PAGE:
In January, I argued the question is not whether Qatar Airways is leaving oneworld, but whether Qatar Airways is plotting to take over oneworld. I stand by that assessment and think the latest threats by the eccentric Qatar Airways CEO are pure grandstanding.
Qatar Airways has been threatening to leave oneworld for years. The Gulf carrier argued it has been mistreated by its alliance partners, especially American Airlines, and it sees greener pastures divorced from its overbearing partners. But like a longsuffering spouse, Qatar Airways endures.
A reporter asked Qatar Airways CEO Akbar Al Baker in Berlin today about the future of Qatar in oneworld. Al Baker’s response merits highlighting in full:
About oneworld, it was not a rumor, you heard it from me. And we have given them a breathing space to get their act together. You see when you invite somebody, you invite me, to your house, and then you tell me that I can not drink the water from the glass I have to drink from the tap, and then you tell me that we will not give you any food, we will only give you bread and water. This is not why you invited me to your house. You invited me to your house as your guest, and as somebody that you respect.
Qatar Airways is not a Mickey Mouse airline. We are the largest ASK contributor to the oneworld if you add all our investments. And if you remove those investments, we are the second largest ASK contributor to the oneworld. And if we leave oneworld we will create a big hole for them in their entire connectivity.
We are not going to be bullied by some individual who thinks that the world belongs to them. The world belongs to the world community. And we as an airline, we will demand respect, and we will not submit to anybody that is trying to bully us.
We in the matter of a month or two will give you the news if we are going to stay or we are going to withdraw. And I think it is the latter that will happen. Since the people that invited us are now constantly targeting us and our growth.
Baker makes a convincing argument that Qatar adds tremendous value to the alliance and has received the cold shoulder in return. His numbers are correct: Qatar Airways alone provides the second highest ASK (available seat kilometers) in the alliance. It takes passengers around the world and opens up many destinations to oneworld flyers. And the severing of codeshare agreements and general disdain from American Airlines and Qantas are nothing more than desperate protectionism.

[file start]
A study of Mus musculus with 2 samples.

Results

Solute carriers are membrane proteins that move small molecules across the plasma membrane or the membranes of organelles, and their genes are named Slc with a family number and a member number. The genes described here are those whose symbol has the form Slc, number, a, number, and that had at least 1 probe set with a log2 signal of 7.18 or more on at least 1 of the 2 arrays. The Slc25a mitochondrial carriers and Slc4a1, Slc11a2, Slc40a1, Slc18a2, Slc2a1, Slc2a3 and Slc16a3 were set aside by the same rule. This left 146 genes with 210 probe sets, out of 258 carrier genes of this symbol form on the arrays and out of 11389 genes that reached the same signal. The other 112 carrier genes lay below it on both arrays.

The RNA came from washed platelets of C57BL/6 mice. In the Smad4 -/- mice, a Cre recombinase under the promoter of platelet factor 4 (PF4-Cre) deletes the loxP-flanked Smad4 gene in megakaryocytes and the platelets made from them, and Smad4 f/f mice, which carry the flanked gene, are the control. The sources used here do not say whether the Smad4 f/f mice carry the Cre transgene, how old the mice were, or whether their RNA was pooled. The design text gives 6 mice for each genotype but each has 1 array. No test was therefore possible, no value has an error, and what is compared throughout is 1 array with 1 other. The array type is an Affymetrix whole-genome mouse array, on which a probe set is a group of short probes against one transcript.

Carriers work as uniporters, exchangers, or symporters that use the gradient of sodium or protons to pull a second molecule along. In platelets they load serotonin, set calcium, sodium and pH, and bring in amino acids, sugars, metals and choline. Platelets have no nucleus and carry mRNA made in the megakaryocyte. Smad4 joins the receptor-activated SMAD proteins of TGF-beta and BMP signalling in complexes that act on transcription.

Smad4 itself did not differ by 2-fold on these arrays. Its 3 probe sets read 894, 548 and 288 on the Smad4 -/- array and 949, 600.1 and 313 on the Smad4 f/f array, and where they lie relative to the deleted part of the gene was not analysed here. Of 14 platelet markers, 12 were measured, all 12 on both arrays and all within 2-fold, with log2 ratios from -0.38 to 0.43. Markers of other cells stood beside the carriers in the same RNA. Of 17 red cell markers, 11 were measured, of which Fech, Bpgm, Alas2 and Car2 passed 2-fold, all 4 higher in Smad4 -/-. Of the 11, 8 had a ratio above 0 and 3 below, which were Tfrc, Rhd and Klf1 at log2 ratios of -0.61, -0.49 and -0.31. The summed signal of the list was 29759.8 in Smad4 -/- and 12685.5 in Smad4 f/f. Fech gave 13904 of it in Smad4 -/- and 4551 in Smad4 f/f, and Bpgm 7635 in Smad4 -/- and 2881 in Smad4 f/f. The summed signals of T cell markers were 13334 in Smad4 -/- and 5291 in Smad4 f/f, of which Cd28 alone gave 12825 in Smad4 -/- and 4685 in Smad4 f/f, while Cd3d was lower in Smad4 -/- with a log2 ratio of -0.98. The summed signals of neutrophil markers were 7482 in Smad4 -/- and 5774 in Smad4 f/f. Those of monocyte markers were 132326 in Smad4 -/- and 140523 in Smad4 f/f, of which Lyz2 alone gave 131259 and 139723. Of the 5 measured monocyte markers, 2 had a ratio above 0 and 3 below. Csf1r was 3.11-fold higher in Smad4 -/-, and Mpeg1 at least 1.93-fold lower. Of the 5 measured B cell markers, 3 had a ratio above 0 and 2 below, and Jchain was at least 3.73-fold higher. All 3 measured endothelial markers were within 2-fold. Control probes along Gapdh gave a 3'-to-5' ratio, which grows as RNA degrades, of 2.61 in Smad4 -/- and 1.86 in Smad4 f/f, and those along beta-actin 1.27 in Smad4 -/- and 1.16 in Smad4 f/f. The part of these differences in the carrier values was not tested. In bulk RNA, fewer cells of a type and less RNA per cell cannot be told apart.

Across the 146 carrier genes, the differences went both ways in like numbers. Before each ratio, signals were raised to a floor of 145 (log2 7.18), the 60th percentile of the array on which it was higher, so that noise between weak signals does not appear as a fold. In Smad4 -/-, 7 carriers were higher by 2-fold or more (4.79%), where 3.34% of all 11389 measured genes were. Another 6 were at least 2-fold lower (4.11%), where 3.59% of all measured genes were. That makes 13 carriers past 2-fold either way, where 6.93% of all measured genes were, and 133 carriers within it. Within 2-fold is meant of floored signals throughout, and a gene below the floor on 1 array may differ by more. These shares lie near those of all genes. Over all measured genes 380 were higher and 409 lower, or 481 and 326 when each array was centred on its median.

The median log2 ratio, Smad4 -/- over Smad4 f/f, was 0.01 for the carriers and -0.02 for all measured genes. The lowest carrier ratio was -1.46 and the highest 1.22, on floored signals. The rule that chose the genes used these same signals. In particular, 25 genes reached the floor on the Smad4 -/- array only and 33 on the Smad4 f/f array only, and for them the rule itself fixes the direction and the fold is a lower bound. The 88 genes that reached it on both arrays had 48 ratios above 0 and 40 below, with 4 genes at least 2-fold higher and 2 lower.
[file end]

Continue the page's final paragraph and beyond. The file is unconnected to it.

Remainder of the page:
But Qatar Airways has far too much invested to quit oneworld. Strategic investments in British Airways, Cathay Pacific, Iberia, and LATAM represent the groundwork for exerting more influence later on. And as much as “freedom” may feel liberating, alliance membership still feeds Qatar many valuable passengers. It also helps Qatar to at least temper policies or agreements that are seen as detrimental.
Thus, Qatar should feel free to remain in the alliance even while pursuing relationships outside of the alliance, as Cathay Pacific did with Lufthansa and Air Canada or Qantas did with Emirates.
As One Mile at a Time rightly notes, Al Baker runs into a “boy who cried wolf” problem when he continues to threaten to leave oneworld but never follows through. As satisfying as it would be, I don’t think Al Baker rose to the top of Qatar Airways by cutting off his nose to spite his face.
> Read More: Is Qatar Airways Plotting To Take Over Oneworld?